By Stacy Nguyen
Northwest Asian Weekly
I feel a little guilty reviewing “A Simple Favor” because the Asianiest things in this movie is Henry Golding and the child actor, Ian Ho, who plays his son.
“A Simple Favor” is super fun. It’s like “Gone Girl,” if “Gone Girl” were funny. The movie is a thriller-mystery about a mysterious and enviable woman, Emily (Blake Lively), who becomes friends with a real socially awkward but adorable dork, Stephanie (Anna Kendrick). This odd couple crackles with fun chemistry that made me laugh a lot — until Emily suddenly vanishes without a trace — and then turns up dead! And then we start wondering if the husband, Sean (Henry Golding), did it!
Guys, this stuff happened in the first 20 minutes of the movie. I did not even give you spoilers. That’s how bananas this movie is.
From Emily’s death, the movie takes some really crazy, unexpected, wildly exciting turns. There were moments that were frankly scary for me, because I am a wuss and I don’t like scary movies. There was a moment when I was so pissed at Northwest Asian Weekly’s editor, Ruth, because I did not sign up to review a scary Exorcist-y movie, and I felt she tricked me. But I closed my eyes for a few seconds, and then the terror passed.
So the movie does not become a horror movie at all, but the fact that this was a legit worry for me at a certain point should speak to how well this movie flexes.
Asian or nah?
“A Simple Favor” is based on the 2017 novel of the same name by Darcey Bell.
I actually just spent a long time trying to Google whether or not Golding’s character, Sean Townsend, is also of Asian descent in the book. Unfortunately, there is no information about this on the internet. I didn’t want to pay top dollar for the book, to read it only to verify this. I did read the first four pages through the Amazon preview, and Sean’s race was not explained in those pages at all.
So I’m going to cautiously assume that this is actually cool ethnicity-bending casting! I’m going to assume that director Paul Feig, the delightful person that brought us fun, feminist-y fare like “Bridesmaids” and the “Ghostbusters” reboot, took a white character and put an Asian actor in him.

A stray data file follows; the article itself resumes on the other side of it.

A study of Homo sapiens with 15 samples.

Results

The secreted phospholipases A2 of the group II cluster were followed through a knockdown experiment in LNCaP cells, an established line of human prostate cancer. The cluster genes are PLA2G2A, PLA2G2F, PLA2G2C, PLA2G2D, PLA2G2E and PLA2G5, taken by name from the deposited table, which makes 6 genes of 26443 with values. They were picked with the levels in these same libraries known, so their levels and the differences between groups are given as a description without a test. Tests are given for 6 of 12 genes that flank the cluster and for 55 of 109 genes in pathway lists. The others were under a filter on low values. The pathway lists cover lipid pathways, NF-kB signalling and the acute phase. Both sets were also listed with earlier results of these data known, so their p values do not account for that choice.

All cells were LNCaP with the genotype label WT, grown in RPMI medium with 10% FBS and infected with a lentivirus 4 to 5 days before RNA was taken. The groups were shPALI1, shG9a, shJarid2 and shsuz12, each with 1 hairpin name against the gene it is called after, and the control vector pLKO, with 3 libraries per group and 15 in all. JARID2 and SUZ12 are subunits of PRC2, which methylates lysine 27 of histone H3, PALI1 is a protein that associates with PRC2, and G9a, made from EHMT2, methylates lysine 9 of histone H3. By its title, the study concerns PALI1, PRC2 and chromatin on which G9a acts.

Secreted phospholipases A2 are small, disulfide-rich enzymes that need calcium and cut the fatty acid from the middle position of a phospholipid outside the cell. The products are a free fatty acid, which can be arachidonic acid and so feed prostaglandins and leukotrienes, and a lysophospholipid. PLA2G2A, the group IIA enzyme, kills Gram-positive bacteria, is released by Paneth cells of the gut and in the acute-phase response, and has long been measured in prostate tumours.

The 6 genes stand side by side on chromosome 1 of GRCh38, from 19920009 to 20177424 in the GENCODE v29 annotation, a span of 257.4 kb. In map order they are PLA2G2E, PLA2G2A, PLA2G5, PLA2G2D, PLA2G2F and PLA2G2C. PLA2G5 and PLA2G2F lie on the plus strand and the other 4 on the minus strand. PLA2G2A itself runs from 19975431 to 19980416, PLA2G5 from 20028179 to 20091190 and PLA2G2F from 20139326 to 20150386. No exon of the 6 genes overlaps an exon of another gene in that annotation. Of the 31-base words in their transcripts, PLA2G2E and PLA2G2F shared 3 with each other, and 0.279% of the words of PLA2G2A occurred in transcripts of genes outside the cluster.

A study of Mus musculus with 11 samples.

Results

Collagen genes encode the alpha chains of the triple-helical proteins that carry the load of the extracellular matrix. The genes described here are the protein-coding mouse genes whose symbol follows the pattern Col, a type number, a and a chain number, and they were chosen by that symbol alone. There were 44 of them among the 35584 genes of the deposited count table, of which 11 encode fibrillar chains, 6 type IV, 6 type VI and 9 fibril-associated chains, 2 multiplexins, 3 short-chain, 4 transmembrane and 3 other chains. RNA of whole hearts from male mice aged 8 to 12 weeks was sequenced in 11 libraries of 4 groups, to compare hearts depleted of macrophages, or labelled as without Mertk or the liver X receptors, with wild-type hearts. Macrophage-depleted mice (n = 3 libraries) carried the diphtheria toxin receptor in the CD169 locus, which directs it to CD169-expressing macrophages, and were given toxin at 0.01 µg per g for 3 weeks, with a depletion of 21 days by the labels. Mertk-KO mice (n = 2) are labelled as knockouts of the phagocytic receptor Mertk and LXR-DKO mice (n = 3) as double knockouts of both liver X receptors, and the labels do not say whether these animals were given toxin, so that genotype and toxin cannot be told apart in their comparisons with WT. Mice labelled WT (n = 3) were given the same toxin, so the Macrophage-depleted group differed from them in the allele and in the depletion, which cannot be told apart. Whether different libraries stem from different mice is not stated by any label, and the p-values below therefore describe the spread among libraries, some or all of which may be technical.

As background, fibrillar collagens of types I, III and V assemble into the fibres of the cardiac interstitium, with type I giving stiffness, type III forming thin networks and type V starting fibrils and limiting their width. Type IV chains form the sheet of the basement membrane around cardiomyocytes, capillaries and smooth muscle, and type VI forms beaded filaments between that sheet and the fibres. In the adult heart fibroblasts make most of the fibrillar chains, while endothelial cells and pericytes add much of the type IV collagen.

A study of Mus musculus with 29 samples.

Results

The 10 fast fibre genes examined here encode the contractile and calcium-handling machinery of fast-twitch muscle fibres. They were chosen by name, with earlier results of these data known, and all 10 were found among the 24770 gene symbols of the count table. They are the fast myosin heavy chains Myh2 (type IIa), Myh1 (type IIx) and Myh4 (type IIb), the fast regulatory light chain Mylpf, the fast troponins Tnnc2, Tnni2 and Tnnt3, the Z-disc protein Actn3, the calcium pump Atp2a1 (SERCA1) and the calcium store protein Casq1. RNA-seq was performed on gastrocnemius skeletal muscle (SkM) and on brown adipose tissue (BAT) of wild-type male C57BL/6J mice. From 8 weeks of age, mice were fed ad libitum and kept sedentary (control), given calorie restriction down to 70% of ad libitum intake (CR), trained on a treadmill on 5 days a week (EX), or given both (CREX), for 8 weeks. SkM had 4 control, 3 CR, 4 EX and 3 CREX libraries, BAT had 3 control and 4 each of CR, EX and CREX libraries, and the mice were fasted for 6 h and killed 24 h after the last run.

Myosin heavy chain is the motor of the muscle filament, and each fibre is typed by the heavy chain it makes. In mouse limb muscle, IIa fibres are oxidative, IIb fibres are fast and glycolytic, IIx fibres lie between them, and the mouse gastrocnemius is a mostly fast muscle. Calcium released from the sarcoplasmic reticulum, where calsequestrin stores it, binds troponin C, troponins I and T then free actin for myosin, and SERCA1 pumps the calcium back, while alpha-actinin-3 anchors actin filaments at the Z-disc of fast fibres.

I think this film was yellow-washed! Can I say that? Is that bad to say?
Anyway, because Golding was cast as a lead, everyone related to him in the movie was also Asian-y! That was really cool. Of note is the actor who plays Sean and Emily’s son, Ian Ho. He was simultaneously adorable and a really good child actor. He had to throw a tantrum a few times in the movie as well as mourn his mom’s death, and I believed him each time. He had a white counterpart,
Stephanie’s son (played by Joshua Satine), and I did not buy that performance at all.
Throughout the movie, I was just thinking that it is so cool that this adorable Asian child is getting such a meaty role in a real Hollywood feature. Maybe this adorable Asian child will continue acting and in a decade, we will be seeing him smash a paparazzo’s camera on whatever TMZ is in 10 years.
I read that Feig’s wife told her husband to cast Golding as Sean. I read that Feig called up Jon M. Chu, director of “Crazy Rich Asians,” and basically asked if Golding was cool to work with or not. Chu said Golding is awesome.
Thus, Feig decided to cast him.
Watch it or nah?
I really enjoyed this movie, just like how I generally enjoy all of Paul Feig’s work. He tends to put women at the center of his work, and his work also tends to focus on friendships (typically between women) more than it does romantic relationships. Feig also leans hard on this awkward, sometimes-rambly, and very, very sweet-yet-also-perverse sense of humor. All of the aforementioned things stay true with “A Simple Favor.”
Additionally, Kendrick is consistent (consistently good at her job). Lively was surprisingly very charismatic and effective that it made me think that she has not been given the right material in her career thus far. And Golding — (this is his second movie and before this, he was a TV presenter) — it is actually kind of nuts that this guy is naturally so gifted at acting. The three leads make this movie really fun to watch, and my emotional investment in them kept me hanging on with each plot twist and turn.
Finally, the costuming and set design is just gorgeous and lush — pastel pops all over. This movie is a visual feast for the eyes.
Stacy Nguyen can be reached at firstname.lastname@example.org.